I have an idea for an excellent and funny way to make the political comments that I have until now only been able to dazzle my partner with. My eagerness to share those insights has occasionally led to our conversations being sidetracked, so to spare her I am thinking of doing a political ‘fake’ twitter account.
Hi FutureFake. Here’s the short version: no.
Here is the slightly less short version – a checklist I have prepared;
Are you @BigHarto?
If you answered yes, proceed with your idea. If you answered no, do not. Under any circumstances.
The Australian Twittersphere is overrun with terrible TERRIBLE fakes. These fakes may have even had one joke, which they expended it on day one, and they’ve spent all of their subsequent time trying to recapture their former glory. The midlife crisis for most Twitter fakes happens on about day three, but they do not die with dignity on day six, or even week six.
You probably imagine yourself creating a persona like @FakeFielding. You may even have a photo you want to use. Well FakeFielding had at least THREE jokes that he used. That’s 50 per cent more jokes than @GetUpPR.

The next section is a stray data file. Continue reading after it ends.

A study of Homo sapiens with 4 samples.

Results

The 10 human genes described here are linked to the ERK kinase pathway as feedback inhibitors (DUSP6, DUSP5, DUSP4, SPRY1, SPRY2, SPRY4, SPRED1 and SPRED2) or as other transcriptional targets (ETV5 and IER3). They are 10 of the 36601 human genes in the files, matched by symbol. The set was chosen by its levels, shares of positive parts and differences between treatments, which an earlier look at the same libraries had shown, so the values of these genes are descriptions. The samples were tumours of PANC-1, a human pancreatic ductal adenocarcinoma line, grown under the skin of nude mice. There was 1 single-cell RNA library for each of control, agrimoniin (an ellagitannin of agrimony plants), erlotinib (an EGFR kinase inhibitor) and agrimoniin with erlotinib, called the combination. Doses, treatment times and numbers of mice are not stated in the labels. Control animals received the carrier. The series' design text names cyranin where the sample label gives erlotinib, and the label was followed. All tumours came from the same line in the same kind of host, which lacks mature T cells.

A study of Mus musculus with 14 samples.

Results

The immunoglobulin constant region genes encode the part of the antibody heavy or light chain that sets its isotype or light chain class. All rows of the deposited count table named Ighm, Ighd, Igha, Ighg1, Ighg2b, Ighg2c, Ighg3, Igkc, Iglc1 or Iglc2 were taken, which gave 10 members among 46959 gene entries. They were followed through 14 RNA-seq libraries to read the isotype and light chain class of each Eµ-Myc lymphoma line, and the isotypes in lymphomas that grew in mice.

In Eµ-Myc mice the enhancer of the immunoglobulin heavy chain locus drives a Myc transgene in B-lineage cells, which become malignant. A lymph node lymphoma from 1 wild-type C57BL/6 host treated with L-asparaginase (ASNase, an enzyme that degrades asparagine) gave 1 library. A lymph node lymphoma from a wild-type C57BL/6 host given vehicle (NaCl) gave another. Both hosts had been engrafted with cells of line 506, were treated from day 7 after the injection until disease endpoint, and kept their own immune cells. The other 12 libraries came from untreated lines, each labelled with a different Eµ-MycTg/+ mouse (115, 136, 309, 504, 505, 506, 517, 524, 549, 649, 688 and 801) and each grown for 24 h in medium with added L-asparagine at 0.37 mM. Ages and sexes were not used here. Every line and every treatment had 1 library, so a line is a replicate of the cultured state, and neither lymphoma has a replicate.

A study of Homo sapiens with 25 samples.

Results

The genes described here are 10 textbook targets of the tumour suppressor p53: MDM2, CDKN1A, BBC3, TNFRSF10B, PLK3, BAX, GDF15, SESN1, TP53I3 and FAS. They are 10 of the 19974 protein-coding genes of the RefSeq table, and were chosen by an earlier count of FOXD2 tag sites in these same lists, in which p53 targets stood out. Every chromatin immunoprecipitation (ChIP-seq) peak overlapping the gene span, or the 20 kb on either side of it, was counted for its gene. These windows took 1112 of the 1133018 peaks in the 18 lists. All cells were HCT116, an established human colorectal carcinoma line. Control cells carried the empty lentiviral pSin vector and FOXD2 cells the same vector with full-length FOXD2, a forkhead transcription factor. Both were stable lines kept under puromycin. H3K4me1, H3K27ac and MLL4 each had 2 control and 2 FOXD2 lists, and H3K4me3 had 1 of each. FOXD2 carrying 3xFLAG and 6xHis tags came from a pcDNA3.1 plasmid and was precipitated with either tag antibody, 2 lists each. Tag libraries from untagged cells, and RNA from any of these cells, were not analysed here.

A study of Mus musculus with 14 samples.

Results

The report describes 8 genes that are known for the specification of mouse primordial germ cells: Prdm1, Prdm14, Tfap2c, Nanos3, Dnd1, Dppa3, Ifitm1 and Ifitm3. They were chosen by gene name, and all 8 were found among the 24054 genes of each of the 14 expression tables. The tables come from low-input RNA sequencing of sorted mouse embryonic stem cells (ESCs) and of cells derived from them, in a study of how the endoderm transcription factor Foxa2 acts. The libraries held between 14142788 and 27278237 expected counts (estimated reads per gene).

However, it is 96.7 per cent more likely that the would-be fake has no jokes at all, other than being one themselves. These are the poor desperate souls who cling frantically to an assumed name hoping it will save them from drowning in a sea of banality, bile and bad spelling.
So please, DO NOT DO IT. There are better ways. Tweet under a pseudonym. Get a blog. Get a spot on a late night commentary show on Sky News that nobody watches but advertising agencies love because they can tell clients they’ve bought ads for them during national news programming, and then pocket the change.
This is not When Harry met Sally. Faking in public is not funny, or endearing, and we CAN tell the difference.